Don’t Know How To Manage A PR Disaster? This New Tool Might Help…

bald business man screaming in crisis at computer from pressure watching stocks crash

A Melbourne-based crisis communications and reputation management expert has turned entrepreneur by launching a web-based crisis training tool that mirrors a realistic media-rich environment.

Huntley Mitchell
Posted by Huntley Mitchell

Gerry McCusker is the man behind The Drill, which offers clients the worst day of their professional life by immersing clients into a wholly realistic PR disaster.

The SaaS platform, now formally out of beta-testing, dramatises the way organisations prepare for crises in a manner that delivers training outcomes via realistic and interactive publishing.

It simulates a myriad of multi-channel pressures – from email and media phone calls to online news, radio and TV reports – plus influential social media channels that still ambush companies looking to avert or manage crises.

Speaking to B&T, McCusker said the idea came about around 18 months ago through his own observations working as a crisis management expert and feedback from clients.

“I’ve been doing issues and crisis management advice for a long time, and it became apparent to me that you can’t prepare for a modern PR disaster on paper,” he said.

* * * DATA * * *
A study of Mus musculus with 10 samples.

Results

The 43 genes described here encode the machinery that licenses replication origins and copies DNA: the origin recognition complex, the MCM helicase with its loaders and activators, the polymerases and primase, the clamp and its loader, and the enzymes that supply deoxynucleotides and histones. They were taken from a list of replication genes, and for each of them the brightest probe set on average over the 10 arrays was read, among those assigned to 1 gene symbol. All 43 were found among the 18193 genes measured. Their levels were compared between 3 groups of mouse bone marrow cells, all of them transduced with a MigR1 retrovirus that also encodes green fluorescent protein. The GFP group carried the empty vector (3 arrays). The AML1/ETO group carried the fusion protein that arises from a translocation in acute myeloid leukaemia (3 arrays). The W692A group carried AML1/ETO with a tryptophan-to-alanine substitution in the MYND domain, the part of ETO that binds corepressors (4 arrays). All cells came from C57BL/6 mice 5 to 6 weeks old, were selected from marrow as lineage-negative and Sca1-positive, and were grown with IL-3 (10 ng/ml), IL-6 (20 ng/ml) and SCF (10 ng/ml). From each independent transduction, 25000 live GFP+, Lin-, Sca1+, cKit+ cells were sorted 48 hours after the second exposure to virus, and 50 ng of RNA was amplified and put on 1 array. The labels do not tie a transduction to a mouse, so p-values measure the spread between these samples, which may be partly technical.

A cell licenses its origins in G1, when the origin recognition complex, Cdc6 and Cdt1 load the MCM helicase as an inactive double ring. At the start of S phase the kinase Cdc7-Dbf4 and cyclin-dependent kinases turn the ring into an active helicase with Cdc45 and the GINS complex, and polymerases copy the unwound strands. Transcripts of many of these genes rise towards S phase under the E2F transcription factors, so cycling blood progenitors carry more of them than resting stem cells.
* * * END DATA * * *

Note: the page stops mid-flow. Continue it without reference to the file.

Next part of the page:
“A couple of clients also came to me and said, ‘You’ve given us the steps, but how do we know when to do what you’re saying to do?’”

Gerry McCusker

Gerry McCusker

McCusker and his team of seven developed an open-source platform first just to see how it would all look, before putting it through beta testing with eight clients.

“The problem with developing this type of tool is that when you start to build it, it starts to tell you what it needs to do,” McCusker said.

“The challenge is knowing when to put the brakes on and stop adding more features to it, and accepting that what we’ve built is innovative and exactly what our clients are after.”

McCusker said the platform would be attractive to issues-rich and “tough to love” organisations – “the ones who are going to have problems regularly”.

“We like to call it not just a PR crisis simulator but a trans-media crisis simulator,” he said.

“It can actually be used as a campaign simulator as well, so clients can see how their campaigns will look when they go online, including social media.”

The Drill also offers a scalable fee structure for clients based on the type of complexity they want.

“Some clients only want to test out how they would respond to negative comments on social media channels, which we could create for them in half a day,” McCusker said.

“Other clients want to see how they’ll go when there’s radio and TV, so you’d be looking at five or six figures for that.

“We also offer a licence model, so we can actually run the simulators for clients, then we can deactivate the content and the clients can license it and use it anytime they want after.”

McCusker said there are three clients spanning the infrastructure, healthcare, energy and education sectors that are currently using The Drill.